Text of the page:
300,000 people obliged to leave the country
Friedrich Merz insists on more deportations
12/01/2022 03:18 am
Before the traffic light coalition talks about more immigration, opposition leader Friedrich Merz wants to speed up the deportation of rejected asylum seekers – because it’s going slowly. “Something has to change,” says the CDU leader. But the problems are well known.
In the debate about more immigration of foreign skilled workers to Germany, CDU leader Friedrich Merz insists on bringing more rejected asylum seekers out of the country at the same time. There are currently around 300,000 people in Germany who are obliged to leave the country, he told the “Rheinische Post”. “The federal government has promised the citizens a repatriation offensive. So far, there hasn’t been one.”
Returns, i.e. mostly deportations, often fail due to practical obstacles, such as missing identity papers. In many cases, there is also a lack of cooperation between the countries of origin or there is a ban on deportations – for example in Syria or Afghanistan. In 2021, almost 165,000 asylum seekers were registered and 11,982 people were deported. Regarding the sluggish return of migrants, Merz said: “Something has to change.”
The population’s acceptance of immigrants, “which we need,” will only be maintained if both are done: targeted immigration into the labor market and the repatriation of those who have no prospects in Germany. Germany has long been an immigration country, “and we need a lot of people who want to work with us,” said the Union faction leader. “There is a particular demand for skilled workers, from research to nursing.”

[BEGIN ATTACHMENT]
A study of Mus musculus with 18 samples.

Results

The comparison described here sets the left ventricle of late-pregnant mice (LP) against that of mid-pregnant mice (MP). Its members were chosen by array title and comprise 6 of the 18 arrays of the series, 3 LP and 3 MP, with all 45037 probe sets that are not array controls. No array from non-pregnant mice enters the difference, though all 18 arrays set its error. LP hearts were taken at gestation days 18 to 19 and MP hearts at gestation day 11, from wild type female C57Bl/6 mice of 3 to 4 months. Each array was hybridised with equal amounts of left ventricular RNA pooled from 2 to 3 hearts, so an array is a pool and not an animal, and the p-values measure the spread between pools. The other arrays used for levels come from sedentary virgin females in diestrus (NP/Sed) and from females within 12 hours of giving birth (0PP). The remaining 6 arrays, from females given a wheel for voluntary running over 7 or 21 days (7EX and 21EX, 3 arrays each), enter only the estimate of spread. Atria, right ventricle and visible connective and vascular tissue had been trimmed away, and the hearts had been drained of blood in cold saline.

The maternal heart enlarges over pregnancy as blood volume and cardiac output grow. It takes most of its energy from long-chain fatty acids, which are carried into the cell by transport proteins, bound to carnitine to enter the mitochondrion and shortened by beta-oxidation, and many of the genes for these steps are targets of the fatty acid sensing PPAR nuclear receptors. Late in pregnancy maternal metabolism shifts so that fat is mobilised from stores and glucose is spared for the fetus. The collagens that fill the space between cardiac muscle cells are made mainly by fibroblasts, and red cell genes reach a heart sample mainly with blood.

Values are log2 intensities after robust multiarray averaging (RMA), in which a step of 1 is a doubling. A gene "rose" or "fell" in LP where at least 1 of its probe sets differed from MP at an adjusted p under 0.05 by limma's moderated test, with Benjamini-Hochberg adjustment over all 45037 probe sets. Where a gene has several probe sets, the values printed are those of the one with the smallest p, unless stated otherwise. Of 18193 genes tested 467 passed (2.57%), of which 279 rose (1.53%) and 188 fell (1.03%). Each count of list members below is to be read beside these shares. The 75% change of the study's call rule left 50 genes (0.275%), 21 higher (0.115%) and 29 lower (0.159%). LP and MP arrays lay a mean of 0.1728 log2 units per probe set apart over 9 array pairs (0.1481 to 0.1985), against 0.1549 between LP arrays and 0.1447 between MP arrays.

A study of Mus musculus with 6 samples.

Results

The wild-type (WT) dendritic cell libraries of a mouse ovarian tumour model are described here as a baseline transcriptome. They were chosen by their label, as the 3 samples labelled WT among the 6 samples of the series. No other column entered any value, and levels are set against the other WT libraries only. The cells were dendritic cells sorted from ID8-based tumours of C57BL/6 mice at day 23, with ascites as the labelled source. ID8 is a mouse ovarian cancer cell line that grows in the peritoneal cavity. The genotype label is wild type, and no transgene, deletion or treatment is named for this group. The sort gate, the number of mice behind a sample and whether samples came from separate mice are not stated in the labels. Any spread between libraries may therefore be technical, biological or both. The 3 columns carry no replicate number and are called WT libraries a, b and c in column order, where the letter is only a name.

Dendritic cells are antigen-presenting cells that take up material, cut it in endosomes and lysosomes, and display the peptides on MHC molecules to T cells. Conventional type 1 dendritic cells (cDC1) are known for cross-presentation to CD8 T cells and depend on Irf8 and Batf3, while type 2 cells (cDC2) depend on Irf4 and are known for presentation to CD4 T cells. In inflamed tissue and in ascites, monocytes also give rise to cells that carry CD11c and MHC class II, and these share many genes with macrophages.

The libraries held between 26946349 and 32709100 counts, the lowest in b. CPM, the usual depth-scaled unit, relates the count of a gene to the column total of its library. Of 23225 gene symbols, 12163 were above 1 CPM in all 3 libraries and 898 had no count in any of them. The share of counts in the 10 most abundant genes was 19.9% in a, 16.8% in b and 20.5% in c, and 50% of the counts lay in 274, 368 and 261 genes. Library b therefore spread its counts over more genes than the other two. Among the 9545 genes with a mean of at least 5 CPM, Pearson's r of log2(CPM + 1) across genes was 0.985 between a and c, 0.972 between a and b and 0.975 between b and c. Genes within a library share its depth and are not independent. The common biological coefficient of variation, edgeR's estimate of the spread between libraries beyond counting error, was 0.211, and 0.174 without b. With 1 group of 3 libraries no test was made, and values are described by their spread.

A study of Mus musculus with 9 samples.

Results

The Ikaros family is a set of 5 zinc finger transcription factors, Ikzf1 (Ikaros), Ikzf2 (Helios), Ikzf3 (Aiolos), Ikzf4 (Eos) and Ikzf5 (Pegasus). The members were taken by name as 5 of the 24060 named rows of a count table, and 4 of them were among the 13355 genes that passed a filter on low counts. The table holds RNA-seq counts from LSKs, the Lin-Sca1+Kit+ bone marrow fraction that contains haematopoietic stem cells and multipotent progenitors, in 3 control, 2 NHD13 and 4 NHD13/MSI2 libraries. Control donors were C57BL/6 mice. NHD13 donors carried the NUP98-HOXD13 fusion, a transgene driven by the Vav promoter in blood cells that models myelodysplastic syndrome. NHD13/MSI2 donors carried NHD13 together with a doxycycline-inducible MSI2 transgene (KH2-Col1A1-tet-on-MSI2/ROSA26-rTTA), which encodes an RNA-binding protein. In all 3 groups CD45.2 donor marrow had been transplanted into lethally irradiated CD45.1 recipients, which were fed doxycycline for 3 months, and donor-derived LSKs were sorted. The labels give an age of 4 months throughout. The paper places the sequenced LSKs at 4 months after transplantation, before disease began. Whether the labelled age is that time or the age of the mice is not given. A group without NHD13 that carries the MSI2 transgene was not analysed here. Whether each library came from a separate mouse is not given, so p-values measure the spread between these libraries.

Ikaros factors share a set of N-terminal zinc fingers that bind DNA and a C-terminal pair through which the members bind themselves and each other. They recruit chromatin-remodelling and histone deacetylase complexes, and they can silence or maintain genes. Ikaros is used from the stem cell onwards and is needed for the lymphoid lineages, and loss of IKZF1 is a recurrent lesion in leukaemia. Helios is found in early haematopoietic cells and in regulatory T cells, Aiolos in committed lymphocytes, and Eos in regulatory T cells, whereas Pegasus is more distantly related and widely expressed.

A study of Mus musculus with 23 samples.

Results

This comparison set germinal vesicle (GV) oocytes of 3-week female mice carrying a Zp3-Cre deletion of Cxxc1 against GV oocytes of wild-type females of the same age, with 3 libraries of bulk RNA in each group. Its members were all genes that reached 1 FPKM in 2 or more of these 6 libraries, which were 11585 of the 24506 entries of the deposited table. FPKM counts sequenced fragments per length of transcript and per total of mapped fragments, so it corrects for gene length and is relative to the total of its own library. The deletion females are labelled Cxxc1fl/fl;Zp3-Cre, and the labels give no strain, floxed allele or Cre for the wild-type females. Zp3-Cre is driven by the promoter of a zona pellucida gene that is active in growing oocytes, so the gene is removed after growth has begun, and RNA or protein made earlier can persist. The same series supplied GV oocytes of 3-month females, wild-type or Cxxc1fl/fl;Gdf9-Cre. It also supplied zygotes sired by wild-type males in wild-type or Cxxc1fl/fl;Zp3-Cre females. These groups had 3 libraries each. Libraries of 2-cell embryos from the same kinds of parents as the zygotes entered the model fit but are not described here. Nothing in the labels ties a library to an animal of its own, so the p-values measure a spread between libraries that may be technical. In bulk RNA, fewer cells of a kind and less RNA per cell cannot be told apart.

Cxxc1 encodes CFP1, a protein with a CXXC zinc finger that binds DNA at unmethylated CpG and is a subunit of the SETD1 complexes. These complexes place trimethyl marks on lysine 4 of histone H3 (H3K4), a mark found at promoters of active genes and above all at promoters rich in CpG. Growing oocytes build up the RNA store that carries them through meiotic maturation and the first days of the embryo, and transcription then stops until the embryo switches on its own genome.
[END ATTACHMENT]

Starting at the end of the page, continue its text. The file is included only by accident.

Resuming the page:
The right of residence planned by the traffic light coalition is intended to offer prospects to well-integrated foreigners who have been living in Germany for several years without a secure status. The previous practice of “chain tolerance” is to be ended.
Anyone who has lived in the country for five years as of October 31, 2022 and has not committed a crime should be given 18 months to meet the requirements for long-term residence – this includes knowledge of German and securing their own livelihood. The federal government also wants to lower the legal hurdles for naturalization and actively promote German citizenship among foreigners who have been living in Germany for a longer period of time.